Inheritance Tax and Trusts - September Update

HMRC has been looking at ways of simplifying the inheritance tax system.

Nick Barnes, Head of Research

Inheritance Tax (IHT) and trusts

HMRC has been looking at ways of simplifying the inheritance tax system as it relates to trusts over the past couple of years. The third and most recent consultation, which ended on 29th August, has proposed changes to the current charges system which could have significant impact for anyone owning assets in trust.

What is the current situation?

It is currently possible for an individual to give away up to the Nil-Rate Band IHT Allowance (£325,000 for the tax year 2014/15) in any seven year period without incurring an IHT charge. Trusts can also make use of a Nil-Rate Band allowance in determining the IHT payable:

  • when a trust reaches a 10-year anniversary of its creation
  • when assets are transferred out of a trust or the trust comes to an end

Trust assets with a value below the Nil-Rate threshold are not subject to the 10-year anniversary and exit charges when they leave the trust. Prior to 2006 certain trusts fell outside these rules, as follows:

  • assets held in an "interest in possession trust" (i.e. one where a beneficiary has the right to income arising from it) were treated as belonging to the income beneficiary and the value was taxed on the beneficiary's death subject to his Nil-Rate Band. This continues to apply to a number of special cases:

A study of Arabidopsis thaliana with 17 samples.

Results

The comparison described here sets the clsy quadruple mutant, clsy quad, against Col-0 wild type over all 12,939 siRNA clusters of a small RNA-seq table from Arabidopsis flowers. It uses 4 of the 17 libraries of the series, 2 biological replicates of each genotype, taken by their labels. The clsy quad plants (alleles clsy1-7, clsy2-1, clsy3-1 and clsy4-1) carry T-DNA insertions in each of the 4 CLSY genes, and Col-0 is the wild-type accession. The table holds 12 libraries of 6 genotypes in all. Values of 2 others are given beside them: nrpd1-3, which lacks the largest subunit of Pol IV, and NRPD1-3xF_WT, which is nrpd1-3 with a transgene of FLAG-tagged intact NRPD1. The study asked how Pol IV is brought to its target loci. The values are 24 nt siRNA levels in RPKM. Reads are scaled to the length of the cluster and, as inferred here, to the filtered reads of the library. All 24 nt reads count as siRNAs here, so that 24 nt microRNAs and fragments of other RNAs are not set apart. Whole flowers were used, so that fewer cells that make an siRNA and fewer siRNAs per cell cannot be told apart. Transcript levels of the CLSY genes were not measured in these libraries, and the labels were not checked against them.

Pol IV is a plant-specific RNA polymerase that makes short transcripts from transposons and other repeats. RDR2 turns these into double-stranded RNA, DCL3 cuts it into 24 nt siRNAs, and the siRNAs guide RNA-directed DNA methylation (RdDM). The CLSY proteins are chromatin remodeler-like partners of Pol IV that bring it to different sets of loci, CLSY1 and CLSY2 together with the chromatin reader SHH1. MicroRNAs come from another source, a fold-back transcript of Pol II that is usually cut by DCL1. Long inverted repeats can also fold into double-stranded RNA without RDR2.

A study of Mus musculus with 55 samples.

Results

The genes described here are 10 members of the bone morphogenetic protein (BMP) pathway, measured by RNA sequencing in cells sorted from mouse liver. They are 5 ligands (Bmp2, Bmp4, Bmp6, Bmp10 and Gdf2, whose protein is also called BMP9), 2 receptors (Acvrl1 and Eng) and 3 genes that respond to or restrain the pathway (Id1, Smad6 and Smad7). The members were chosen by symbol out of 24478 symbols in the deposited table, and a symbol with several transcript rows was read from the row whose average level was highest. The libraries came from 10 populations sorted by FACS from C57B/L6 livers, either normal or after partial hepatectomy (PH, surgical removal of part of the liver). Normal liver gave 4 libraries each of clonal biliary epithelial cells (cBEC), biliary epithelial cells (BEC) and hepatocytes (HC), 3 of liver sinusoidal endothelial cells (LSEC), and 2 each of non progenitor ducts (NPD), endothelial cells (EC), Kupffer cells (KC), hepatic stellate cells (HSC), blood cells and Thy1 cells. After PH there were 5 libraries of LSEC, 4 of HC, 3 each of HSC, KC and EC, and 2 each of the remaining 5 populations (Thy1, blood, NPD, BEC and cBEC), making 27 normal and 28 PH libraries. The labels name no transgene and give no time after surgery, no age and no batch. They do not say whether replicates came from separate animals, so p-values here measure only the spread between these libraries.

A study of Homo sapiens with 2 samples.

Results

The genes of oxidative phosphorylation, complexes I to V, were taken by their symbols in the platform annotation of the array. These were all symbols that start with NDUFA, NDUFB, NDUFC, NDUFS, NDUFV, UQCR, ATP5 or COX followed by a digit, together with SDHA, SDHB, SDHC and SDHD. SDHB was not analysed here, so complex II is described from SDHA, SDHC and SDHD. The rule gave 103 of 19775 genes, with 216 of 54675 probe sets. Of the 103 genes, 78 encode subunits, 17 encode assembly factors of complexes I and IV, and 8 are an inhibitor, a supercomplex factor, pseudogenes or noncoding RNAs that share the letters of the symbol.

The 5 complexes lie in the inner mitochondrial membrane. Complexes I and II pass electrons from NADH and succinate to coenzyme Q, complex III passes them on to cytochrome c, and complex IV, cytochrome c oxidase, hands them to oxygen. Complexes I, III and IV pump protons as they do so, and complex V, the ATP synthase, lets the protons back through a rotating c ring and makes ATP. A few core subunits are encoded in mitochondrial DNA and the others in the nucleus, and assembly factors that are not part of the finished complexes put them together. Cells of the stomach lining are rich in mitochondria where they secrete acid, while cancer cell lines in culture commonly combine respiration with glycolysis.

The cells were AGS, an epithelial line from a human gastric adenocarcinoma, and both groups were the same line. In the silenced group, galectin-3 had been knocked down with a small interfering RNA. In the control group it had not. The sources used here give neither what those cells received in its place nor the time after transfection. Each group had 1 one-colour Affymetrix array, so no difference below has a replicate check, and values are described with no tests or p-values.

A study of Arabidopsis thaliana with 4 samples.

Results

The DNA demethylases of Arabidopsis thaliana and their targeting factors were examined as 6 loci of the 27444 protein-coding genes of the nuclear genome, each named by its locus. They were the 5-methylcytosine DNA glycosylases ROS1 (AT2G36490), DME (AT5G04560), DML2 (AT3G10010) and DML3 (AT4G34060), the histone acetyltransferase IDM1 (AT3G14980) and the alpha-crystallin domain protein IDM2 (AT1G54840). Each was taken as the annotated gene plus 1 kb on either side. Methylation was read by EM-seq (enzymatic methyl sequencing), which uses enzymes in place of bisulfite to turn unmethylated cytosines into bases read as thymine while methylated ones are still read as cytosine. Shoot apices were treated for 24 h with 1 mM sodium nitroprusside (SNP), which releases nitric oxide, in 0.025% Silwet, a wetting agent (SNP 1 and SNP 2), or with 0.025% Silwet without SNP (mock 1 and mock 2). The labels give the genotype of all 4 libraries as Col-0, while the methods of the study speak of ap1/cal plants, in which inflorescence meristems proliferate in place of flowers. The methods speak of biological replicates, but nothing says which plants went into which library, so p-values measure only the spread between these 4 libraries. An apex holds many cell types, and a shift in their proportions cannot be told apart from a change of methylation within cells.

• "transitional serial interest" (life interest) trusts set up between 22 March 2006 and 5 October 2008
  • immediate post-death interests
  • trusts for bereaved minors
  • age 18 to 25 trusts
  • trusts for disabled beneficiaries
  • bare trusts (which are in truth simple nominee arrangements)

Read more in the full report...

What are the proposed changes?

HMRC has proposed the following changes:

  • to introduce a single trust lifetime nil-rate band allowance threshold (which is entirely separate from the nil-rate band for general inheritance tax purposes)
  • which means multiple trusts will no longer benefit from their own separate nil-rate thresholds;
  • replacing existing tax rates for 10 year and exit charges with a flat rate of 6% of the chargeable transfer, reduced in the case of exit charges to reflect the proportion of the10 years since the last charge or the property entered the settlement;
  • providing in legislation that accumulated income added to capital is IHT liable from the date at which the accumulation took place for the purpose of the 10 year and exit charge calculations;
  • deeming undistributed income arising to certain trusts to be accumulated and added to capital if it remains otherwise unaccumulated for more than five years at the date of charge;
  • alignment of IHT filing and payment dates for 10 year and exit charges;
  • additions to existing trusts will be deemed to create a separate trust and will

Read more in the full report...

What are the potential implications for you?

The proposed changes could have substantial negative implications for trusts and those who intend to set up a trust. In particular, anyone with multiple trusts could find themselves faced with a higher tax bill than previously. Many people may have set up trusts without being fully aware of the implications, for example in connection with life assurance.

The taxation of trusts is an extremely complex area and it is highly recommended that you consult with a specialist tax advisor in order to ascertain what, if any, action should be taken in response to the proposed changes. This applies equally to the changes already introduced regarding the tax treatment of offshore remittances used as collateral for obtaining and servicing loans in the UK.